I have always heard that you learn more from failure than from success. This may be true but I think that it only works when the person truly tries to succeed, “fails,” and has the determination to build themselves back up again and try again. Where learning by failure fails is when the failure is emphasized or required.
I agree with Sylvia Martinez and Gary Stager when they write that our culture has confused failure with iteration (Martinez and Stager 2013). In constructionist learning the student, or learner, constantly tries new things and slowly shapes their design or project. When new things don’t work they aren’t deemed failures, there is no grade or scolding, they are simply parts of the design that didn’t work as expected. For example when making my Maker Faire project for next weeks blog post a small part of my PokéStop design didn’t work, there were huge gaps between sheets of foam board and the cuts were all ragged. I took the constructionist approach and viewed these as surprise problems to be solved and not failures in my design. With some improvisation and a heavy amount of sheetrock putty my design continued on.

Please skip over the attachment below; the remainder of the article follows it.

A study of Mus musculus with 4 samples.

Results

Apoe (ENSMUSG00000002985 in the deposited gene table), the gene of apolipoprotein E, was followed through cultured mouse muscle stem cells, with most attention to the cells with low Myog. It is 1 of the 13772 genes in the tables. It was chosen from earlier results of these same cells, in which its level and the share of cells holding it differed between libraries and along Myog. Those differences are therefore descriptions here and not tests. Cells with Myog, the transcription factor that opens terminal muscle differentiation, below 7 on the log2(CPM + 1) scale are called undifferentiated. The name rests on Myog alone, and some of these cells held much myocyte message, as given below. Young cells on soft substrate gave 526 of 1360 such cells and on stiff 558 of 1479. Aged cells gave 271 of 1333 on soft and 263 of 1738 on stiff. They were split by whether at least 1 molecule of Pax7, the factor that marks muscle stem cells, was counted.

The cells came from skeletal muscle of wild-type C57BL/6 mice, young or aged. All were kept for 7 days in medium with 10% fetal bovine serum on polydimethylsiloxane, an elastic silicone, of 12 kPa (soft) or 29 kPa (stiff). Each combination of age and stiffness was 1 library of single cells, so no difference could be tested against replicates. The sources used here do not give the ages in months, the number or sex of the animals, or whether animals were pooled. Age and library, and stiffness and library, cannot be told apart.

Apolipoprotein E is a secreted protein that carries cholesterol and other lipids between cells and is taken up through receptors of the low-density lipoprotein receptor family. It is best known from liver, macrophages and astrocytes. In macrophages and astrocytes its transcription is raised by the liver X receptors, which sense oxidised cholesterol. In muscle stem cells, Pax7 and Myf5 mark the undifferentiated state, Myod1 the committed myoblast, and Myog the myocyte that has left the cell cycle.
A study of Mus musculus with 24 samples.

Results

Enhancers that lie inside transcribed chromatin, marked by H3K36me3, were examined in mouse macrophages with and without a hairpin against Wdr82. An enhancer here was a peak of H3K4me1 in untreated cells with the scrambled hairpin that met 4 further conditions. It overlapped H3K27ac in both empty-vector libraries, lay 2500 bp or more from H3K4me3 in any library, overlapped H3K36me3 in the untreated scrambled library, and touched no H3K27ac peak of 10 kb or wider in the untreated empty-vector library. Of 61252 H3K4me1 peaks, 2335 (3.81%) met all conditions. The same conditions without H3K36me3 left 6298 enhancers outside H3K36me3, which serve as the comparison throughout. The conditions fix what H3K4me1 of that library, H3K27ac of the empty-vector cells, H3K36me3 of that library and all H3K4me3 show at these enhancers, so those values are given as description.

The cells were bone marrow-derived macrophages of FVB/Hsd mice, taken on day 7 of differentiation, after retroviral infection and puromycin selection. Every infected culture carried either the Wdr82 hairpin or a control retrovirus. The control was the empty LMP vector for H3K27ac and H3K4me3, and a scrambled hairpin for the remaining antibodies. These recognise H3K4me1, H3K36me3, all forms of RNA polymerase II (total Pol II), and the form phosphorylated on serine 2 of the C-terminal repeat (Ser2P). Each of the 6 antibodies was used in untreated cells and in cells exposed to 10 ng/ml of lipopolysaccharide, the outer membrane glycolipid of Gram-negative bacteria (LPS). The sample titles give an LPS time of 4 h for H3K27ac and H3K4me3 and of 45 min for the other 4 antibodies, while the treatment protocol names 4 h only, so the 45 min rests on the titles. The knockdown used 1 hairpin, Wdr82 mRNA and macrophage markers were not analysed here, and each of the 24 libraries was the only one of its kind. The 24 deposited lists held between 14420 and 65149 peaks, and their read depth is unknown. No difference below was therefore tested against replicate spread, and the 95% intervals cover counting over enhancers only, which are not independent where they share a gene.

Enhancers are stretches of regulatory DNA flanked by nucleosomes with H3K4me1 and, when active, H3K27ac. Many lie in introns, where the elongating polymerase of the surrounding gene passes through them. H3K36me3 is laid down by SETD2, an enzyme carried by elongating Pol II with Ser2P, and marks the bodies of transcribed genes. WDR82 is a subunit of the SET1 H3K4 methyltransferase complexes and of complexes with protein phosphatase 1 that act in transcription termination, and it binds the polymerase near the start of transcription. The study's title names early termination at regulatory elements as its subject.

Another huge problem with promoting failure is when it is built into the assignment. What happens when a student makes a very well thought design and their idea works perfectly, but the design called for several drafts where the student must find huge mistakes to fix. For a student who succeeded with their first design this can lead to a lot of head banging trying to improve a great design, and possibly lead the student to go back and purposely create flawed drafts to be submitted as first and second attempts. This student didn’t learn anything by failure, they just did busy work to appease a teacher.
Martinez, S., & Stager, G. (2013). Invent to learn: Making, tinkering, and engineering in the classroom.